Janet Jackson's wardrobe malfunction helped the NFL, says Tom Brady

Janet Jackson's wardrobe malfunction was "a good thing for the NFL", according to Tom Brady.



Janet Jackson performed the halftime show in 2004
Janet Jackson performed the halftime show in 2004

Tom Brady thinks Janet Jackson's wardrobe malfunction at the Super Bowl was "a good thing for the NFL".

The 56-year-old pop star suffered a wardrobe malfunction at the hands of Justin Timberlake during the Super Bowl halftime show in 2004, and Tom - who was competing in the game - believes it actually helped to raise the profile of the league.

Tom, 45 - who recently announced his retirement from the sport - told the 'Let's Go! With Tom Brady, Larry Fitzgerald and Jim Gray' podcast: "I think in the end, it was probably a good thing for the NFL because everyone got to talk about it, and it was just more publicity and more publicity for halftime shows. Is any publicity bad publicity? That's what they say, so, who knows?"

During their halftime show performance, Janet's breast was exposed by Justin to the TV audience for a brief moment.

The incident created a huge backlash, but Tom was focused on the game at the time.

He shared: "It took a while for us to figure out exactly what had gone on."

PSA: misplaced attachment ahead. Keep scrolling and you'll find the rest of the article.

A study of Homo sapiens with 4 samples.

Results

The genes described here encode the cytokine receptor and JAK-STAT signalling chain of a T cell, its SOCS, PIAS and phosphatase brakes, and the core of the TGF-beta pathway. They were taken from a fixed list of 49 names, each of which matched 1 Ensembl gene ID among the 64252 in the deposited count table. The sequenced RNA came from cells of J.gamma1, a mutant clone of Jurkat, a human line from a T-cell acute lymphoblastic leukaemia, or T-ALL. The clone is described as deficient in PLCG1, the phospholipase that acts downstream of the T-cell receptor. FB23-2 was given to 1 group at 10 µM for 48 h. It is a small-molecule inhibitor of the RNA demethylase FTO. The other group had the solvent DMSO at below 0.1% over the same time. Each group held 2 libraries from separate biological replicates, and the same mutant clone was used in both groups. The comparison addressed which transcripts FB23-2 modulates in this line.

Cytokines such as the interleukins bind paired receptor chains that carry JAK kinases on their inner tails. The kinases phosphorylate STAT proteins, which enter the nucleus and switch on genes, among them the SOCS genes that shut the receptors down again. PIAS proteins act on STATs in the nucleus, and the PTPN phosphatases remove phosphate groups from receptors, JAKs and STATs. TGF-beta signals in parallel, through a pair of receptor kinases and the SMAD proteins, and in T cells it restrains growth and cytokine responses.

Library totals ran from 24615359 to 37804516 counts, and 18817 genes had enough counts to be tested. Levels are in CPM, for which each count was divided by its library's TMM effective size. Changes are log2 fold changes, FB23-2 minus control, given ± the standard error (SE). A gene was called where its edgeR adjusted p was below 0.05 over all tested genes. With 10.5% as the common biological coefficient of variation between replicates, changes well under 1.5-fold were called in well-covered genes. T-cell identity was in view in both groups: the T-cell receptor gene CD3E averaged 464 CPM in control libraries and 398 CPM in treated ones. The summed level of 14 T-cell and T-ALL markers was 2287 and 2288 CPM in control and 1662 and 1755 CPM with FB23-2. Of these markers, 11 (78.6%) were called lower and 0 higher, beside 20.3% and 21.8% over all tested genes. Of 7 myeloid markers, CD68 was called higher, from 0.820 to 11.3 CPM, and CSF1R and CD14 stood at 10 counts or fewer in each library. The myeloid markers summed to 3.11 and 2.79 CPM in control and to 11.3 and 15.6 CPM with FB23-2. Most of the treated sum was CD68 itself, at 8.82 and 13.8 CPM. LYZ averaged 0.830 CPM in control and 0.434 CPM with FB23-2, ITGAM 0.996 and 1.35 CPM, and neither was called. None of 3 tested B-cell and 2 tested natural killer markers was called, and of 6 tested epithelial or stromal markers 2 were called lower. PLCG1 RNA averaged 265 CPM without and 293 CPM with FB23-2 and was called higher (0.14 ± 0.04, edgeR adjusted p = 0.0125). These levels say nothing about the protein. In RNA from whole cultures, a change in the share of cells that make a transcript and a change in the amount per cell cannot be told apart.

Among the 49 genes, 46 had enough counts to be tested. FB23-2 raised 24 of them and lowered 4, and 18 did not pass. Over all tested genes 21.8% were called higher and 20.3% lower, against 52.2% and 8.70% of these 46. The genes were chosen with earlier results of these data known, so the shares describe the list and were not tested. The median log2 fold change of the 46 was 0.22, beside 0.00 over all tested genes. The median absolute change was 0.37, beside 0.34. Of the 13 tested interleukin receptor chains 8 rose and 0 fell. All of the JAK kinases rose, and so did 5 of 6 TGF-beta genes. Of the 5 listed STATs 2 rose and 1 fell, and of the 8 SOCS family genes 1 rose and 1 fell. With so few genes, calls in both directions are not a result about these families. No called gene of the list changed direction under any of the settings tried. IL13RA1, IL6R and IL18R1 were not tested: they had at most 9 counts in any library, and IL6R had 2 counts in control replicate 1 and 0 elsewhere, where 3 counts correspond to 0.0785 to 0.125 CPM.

Tom also recalled being asked about the incident.

He explained: "[The media was] asking me about that. I couldn't even understand what they were telling me about. They said, 'Did you see the halftime show?' and I said, 'I didn't see anything.' I was thinking about the game."

Meanwhile, Justin issued an apology to Janet in 2021, admitting that he failed to support her through the controversy.

The pop star also apologized to Britney Spears, his former girlfriend.

He said in a statement: "I understand that I fell short in these moments and in many others and benefited from a system that condones misogyny and racism. I specifically want to apologize to Britney Spears and Janet Jackson both individually, because I care for and respect these women and I know I failed."